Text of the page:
Within hours of the Iraqi invasion of Kuwait, FBI headquarters in Washington sent bulletins to agents across the country asking them to step up monitoring of Iraqi nationals and groups that might pose terrorist threats, according to law enforcement sources.
At the same time, defense and intelligence officials began to review dozens of scenarios, examining potential threats to U.S. interests worldwide.
And in federal office buildings in Washington, teams of economists began calculations to determine how much of a threat a long-term confrontation with Iraq might pose to the international economy.
Like a stone thrown into a lake, President Bush's decision to commit U.S. power to stop Iraq's Saddam Hussein has sent ripples around the globe, concentric circles of danger to Americans detained in Iraq and Kuwait, to American forces in Saudi Arabia, to U.S. interests in the Persian Gulf, to the country's interests in the Middle East in general, to even broader national interests in Europe and Asia and to the world economy.
Just as the United States has tried to organize a worldwide embargo designed to choke Iraq's economy, Hussein has made clear that he regards U.S. targets anywhere as fair game.
"Burn the soil under the feet of the aggressors and invaders who want harm for your families in Iraq," an Iraqi government spokesman declared Friday. "Hit their interests, wherever they are."
And as the confrontation continues to escalate, with Sunday's announcement that the U.S. Navy will begin implementing a blockade of Iraqi and Kuwaiti ports, Bush Administration officials have begun sending warnings to the American public: The United States expects to win this fight but the victory will not come without cost.
Over the long term, the costs could include a severe worldwide recession, if the conflict badly disrupts oil supplies, or a loss of U.S. leadership if the international effort that Bush has cobbled together eventually fails to dislodge Iraq from its Kuwaiti conquest.
The current crisis is "the first test of a global crisis management system" that could be of enormous benefit in deterring future aggressors, said Augustus Richard Norton, a Middle East expert at the International Peace Academy in New York. But if the effort falls apart, "the world will be more unsafe as a result."
In more immediate terms, the threat that has attracted the most public concern is the risk to U.S. soldiers being sent to Saudi Arabia and the roughly 3,500 American citizens still in Iraq and Kuwait.
The last time American ground troops were sent to the Middle East, the deployment triggered a tragic terrorist act. The October, 1983, truck-bomb attack on the Marine barracks in Beirut killed 241 servicemen and eventually forced the United States to give up its attempt to end Lebanon's civil war.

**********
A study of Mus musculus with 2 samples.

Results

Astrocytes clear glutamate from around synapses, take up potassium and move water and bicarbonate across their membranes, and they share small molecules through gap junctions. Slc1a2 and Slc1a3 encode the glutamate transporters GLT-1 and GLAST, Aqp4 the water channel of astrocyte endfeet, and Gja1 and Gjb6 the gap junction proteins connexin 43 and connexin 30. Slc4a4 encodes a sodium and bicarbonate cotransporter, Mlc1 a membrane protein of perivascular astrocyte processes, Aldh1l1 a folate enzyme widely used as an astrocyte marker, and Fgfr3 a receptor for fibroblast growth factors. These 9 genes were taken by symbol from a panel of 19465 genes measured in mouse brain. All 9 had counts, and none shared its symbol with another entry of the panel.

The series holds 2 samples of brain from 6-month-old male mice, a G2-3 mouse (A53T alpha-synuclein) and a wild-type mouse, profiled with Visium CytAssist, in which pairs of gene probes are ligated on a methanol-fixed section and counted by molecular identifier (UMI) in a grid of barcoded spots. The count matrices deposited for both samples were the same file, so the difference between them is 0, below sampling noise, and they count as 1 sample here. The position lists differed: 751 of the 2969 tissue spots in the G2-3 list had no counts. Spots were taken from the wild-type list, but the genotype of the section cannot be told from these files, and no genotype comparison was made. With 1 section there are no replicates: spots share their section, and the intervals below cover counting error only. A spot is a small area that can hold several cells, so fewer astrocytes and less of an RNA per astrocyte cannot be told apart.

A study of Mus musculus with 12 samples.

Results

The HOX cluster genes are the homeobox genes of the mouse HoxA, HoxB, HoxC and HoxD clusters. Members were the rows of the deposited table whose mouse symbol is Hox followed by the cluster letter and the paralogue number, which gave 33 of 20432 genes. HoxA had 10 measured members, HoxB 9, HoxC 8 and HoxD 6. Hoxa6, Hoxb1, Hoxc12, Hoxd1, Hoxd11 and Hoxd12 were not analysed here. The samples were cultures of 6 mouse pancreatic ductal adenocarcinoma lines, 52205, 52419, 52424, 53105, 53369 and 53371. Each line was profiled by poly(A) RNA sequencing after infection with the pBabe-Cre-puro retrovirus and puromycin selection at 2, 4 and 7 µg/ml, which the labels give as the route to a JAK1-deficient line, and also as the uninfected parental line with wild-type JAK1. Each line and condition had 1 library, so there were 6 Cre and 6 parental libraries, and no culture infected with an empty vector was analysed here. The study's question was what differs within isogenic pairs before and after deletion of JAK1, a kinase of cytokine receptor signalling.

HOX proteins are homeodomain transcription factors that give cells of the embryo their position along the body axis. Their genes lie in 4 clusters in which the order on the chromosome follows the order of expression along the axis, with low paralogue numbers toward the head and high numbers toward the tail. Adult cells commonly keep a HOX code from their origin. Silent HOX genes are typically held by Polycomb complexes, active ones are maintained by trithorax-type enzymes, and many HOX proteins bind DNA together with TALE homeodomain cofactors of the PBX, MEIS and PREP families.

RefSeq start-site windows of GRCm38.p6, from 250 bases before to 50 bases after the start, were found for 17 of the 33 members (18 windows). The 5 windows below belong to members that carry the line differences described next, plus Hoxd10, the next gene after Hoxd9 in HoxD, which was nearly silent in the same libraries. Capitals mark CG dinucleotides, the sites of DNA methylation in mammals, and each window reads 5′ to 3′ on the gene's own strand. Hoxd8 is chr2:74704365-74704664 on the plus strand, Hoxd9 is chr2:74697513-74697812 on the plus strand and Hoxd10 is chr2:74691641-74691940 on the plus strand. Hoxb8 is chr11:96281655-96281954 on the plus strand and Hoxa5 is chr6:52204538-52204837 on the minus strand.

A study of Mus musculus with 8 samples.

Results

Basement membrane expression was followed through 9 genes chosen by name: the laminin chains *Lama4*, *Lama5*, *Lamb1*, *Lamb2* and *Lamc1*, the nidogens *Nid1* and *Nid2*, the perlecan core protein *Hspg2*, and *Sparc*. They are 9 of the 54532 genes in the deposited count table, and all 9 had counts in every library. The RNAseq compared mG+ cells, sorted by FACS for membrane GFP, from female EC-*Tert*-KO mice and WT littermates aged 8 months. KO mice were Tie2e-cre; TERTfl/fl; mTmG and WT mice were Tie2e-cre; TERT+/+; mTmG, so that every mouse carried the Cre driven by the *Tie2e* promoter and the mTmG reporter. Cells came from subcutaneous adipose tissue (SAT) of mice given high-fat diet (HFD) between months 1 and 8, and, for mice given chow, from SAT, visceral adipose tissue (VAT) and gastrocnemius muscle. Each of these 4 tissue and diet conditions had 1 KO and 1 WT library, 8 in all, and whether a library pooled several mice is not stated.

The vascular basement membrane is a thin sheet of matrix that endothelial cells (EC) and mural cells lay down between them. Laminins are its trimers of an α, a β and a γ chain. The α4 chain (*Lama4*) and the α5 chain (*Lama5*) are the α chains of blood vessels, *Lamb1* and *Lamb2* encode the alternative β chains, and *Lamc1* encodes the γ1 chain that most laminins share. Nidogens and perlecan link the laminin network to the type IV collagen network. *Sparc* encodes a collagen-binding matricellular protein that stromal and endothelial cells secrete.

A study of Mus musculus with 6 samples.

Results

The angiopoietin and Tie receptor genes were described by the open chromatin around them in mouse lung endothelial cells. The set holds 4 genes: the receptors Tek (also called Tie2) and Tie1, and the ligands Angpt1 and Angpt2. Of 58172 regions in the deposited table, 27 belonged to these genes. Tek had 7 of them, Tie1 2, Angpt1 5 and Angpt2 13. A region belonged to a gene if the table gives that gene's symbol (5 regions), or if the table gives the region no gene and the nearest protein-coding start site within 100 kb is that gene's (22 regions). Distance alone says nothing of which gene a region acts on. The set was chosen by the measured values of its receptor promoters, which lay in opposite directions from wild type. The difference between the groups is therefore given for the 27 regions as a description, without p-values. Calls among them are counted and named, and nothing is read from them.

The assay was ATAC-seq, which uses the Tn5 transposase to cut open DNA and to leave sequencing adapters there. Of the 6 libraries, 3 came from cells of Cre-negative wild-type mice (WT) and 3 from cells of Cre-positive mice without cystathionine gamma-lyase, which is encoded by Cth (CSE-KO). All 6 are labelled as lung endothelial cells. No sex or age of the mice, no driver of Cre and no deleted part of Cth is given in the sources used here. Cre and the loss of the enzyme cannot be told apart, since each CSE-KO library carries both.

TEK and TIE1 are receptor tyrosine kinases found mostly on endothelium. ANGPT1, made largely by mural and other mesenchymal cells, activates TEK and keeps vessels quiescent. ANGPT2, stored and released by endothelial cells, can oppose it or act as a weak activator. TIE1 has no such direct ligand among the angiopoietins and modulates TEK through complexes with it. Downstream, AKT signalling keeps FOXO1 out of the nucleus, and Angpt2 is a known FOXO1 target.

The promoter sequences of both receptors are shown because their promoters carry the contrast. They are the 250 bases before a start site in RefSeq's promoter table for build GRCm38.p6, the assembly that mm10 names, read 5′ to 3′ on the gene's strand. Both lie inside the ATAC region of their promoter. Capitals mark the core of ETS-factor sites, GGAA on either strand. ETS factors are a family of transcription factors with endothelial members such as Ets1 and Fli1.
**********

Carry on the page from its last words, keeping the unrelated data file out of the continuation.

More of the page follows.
The memory of that debacle still haunts U.S. policy-makers as they supervise the current force build-up in the Persian Gulf. Similarly, the President and his advisers are mindful of the long captivity of the U.S. hostages in Iran in 1979 and the continued imprisonment of hostages in Beirut.
Despite the public concern about those two threats, however, U.S. officials and private experts say they believe that the American troops and the U.S. citizens detained in Iraq and Kuwait--officials have studiously avoided calling them "hostages"--probably are safe for now.
In Beirut, the Marines were encamped in the midst of a city with a minimal defense perimeter, surrounded by a potentially hostile population. In Saudi Arabia, by contrast, U.S. forces are dug into desert positions that are isolated from population centers and difficult to approach.
Iraq could try to attack U.S. ships in the Persian Gulf, using its Silkworm anti-ship missiles, or it could launch an air attack to test U.S. defenses. But officials say they see no signs for now that Hussein is considering an all-out ground attack on the U.S. force.
As for the Americans in Kuwait and Iraq, they are "an insurance policy for Hussein," said one Pentagon analyst. Officials believe that Hussein is unlikely to harm his captives but that he will try to keep them as a shield against American attack.
Iraq has made ambiguous declarations about allowing foreigners to leave the country but, so far, only a handful have been allowed to go. At least one foreigner, a Briton, was shot and killed Saturday as he tried to leave Kuwait for Saudi Arabia, British officials said. About 4,600 British subjects are in Iraq and Kuwait, officials estimate.
Far more worrisome, officials say, is the possibility of an Iraqi-inspired attack on U.S. interests outside the immediate range of the fighting.
"There are several terrorist organizations that have found haven in Iraq and I have every . . . expectation that they're going to be asked to do something. We're paying attention," the commander of U.S. forces in the Middle East, Gen. H. Norman Schwarzkopf, said Sunday.
U.S. counterterrorism experts note that two of the Arab world's most notorious terrorists, Abu Nidal and Abul Abbas, both now appear to be running their operations out of Baghdad.
While the United States gets help from Arab leaders, the Iraqi president has sought to build support among the masses, positioning himself as a defender of Arab nationalism and denouncing his opponents as part of a conspiracy linking the United States, Israel and wealthy "emirs of oil."
"This incitement to groups outside of Iraq to rise up and strike" could easily lead to terrorist attacks, a Pentagon analyst said.
Attacks in the United States are a possibility, although law enforcement officials say that no credible threats have yet been seen.